Emanuel Macron, candidate of the centrist movement En Marche! (Which can mean both “on the move” and “it works/functions”) will be the new French president, after he achieved a landslide victory in the second round over the extreme right candidate Marine Le Pen.
For anyone who opposes populism and xenophobia in the Western Hemisphere, this result has come as a great relief. Many stakeholders have warned that a possible victory of Marine Le Pen would mean the final end of the European Union.
However, there are many reasons why “Europhiles” should not cheer on yet another defeat of the extreme right (earlier this year, parliamentary elections were held in the Netherlands). This year’s presidential elections in France brought an unprecedented success of the anti-EU and anti-establishment political options -for the first time in the history of the Fifth Republic, both candidates in the second round were representatives of the mainstream political parties. Marine Le Pen won the largest number of votes in the history of the National Front. Moreover, in the first round of presidential election, far-left candidate Jean-Luc Melenchon was convincing with 19.5% of votes while Emanuel Macron founded his movement only shortly before the presidential elections. On the other hand, the Socialist Party suffered the biggest defeat in history with 6.3% of votes, while the moderate right party, whose candidate Francois Fillon emerged as the favourite for the President until the discovery of the so-called scandal “Penelopegate”, finished in the third place. It is also interesting that this election saw a record in the number of protest votes – as much as 12% of the votes in the second round were invalid.
These data would not be so worrying if the parliamentary election was not scheduled for the following month. Macron, therefore, has an almost impossible task to avoid cohabitation, a characteristic of the French semi-presidential system in which the head of state is not a member of a political party which makes up a parliamentary majority. Cohabitation was a regular occurrence before the referendum in 2000, when scheduling parliamentary and presidential elections became coordinated. Bearing in mind the divided political scene in France and inexperience of Macron’s movement in politics, this short period between elections and the “linked winners” logic will not necessarily work in Macron’s favour. From technical and logistical point of view, Macron must obtain a majority in the parliament (at least 289 deputies), which will certainly require mobilisation of members of the Movement both in financial (movements in France are financed exclusively by donations from their members) and numerical terms (Movement currently has 250 000 supporters). However, criteria for candidates of the En Marche! movement for becoming MPs is very sharp: 50% of them should not have previous political experience; 50% should be women; if they have previously been politically active, they need to renounce party affiliation; and should be of different ethnic origin. Realistically, Macron needs to make a tremendous organisational endeavour in the next six weeks. When it comes to programme and substance-related issues, if Macron wants to attract higher number of supporters and ensure a majority, he will have to pay additional attention to topics on which he disagrees with his political opponents. This is specifically relevant for his views on the European Union and economic policy. During his election campaign, Macron was seen as the biggest “Europhile” out of all candidates as well as an advocate of liberal economics. He has already tried to soften this image of himself in the last weeks of his campaign and when he addressed the public after winning, stating that he will “protect France, Europe, and that he will strengthen the ties between European countries and their citizens”. The question, however, is whether such softening of approach will result in losing or gaining more supporters.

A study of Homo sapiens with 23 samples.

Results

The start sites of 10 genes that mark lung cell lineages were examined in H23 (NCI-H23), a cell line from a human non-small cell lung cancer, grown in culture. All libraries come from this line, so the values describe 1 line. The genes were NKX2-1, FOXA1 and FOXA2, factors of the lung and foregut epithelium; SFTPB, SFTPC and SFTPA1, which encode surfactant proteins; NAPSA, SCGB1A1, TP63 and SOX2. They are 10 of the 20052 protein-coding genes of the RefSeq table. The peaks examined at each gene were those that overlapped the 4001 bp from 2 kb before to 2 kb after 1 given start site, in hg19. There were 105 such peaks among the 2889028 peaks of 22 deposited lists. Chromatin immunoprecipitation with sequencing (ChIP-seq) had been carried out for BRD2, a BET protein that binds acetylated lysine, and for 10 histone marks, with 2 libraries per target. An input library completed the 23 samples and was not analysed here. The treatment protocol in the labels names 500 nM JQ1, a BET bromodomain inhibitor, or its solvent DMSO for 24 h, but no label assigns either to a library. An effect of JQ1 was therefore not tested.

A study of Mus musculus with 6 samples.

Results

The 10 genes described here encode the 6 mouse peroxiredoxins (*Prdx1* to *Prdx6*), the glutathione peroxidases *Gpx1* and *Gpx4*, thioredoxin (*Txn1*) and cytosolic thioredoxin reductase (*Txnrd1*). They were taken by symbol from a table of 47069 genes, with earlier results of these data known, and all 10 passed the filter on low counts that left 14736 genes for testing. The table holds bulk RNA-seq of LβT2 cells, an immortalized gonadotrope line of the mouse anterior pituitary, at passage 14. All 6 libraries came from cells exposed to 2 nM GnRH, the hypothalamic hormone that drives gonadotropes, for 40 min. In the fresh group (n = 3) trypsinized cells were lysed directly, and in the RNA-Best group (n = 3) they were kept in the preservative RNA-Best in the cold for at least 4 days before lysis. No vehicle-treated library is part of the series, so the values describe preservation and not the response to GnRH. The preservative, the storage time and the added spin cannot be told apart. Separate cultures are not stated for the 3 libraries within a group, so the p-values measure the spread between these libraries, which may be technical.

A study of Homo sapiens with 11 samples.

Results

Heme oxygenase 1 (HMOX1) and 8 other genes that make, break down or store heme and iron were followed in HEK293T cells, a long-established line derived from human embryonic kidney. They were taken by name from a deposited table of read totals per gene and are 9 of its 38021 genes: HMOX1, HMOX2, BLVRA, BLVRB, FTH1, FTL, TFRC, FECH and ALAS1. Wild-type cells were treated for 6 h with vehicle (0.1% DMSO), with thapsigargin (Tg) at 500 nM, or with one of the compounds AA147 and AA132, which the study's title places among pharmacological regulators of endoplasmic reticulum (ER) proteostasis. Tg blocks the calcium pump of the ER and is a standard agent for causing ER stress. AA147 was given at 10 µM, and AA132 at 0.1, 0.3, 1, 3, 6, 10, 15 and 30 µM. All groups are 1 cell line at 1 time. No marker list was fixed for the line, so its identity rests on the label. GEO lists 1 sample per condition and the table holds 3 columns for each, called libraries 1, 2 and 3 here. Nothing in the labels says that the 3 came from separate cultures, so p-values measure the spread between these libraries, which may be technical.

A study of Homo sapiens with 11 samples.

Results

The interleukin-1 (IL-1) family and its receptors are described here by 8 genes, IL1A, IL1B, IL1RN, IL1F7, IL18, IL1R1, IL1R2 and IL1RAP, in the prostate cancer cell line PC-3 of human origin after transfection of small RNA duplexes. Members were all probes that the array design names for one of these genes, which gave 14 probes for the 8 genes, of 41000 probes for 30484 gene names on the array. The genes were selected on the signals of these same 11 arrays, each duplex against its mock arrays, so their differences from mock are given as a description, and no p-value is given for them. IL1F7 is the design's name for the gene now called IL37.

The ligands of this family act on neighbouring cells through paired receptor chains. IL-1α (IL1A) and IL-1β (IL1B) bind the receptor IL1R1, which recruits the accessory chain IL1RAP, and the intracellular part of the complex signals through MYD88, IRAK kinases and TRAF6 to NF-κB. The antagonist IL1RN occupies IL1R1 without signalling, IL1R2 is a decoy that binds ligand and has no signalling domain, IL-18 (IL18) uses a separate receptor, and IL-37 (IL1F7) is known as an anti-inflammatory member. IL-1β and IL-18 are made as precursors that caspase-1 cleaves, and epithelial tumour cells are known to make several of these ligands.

Where will the EU go after the French election?
In any case, the important observation after this year’s French presidential elections is enormous dissatisfaction that the French expressed towards the European Union through their political representatives, presidential candidates. Open opponents of the EU – Le Pen and Melanson – together won over 40% of the vote, while representatives of the moderate right and the left have had very few words and arguments in relation to the EU in their political programs. Macron, on the other hand, is pro-European oriented but he explicitly stated that today’s EU is unsustainable and must be changed, otherwise it will experience “Frexit”. As future president of France, Macron promised to be the first among the EU leaders to push for reform.
Reform initiatives will have to be carried out, in response to the reactions of French voters. In this reform, unfortunately, for now there is no place nor talk about the further enlargement – Macron himself, as well as his potential coalition partner Fillon, both said in their campaigns that the EU should not be thinking about the admission of new members, given the present circumstances. This is also the attitude of 69% of the citizens of France, according to a Eurobarometer survey (admittedly from 2014, although it is difficult to expect that something has changed in favour of the candidate countries).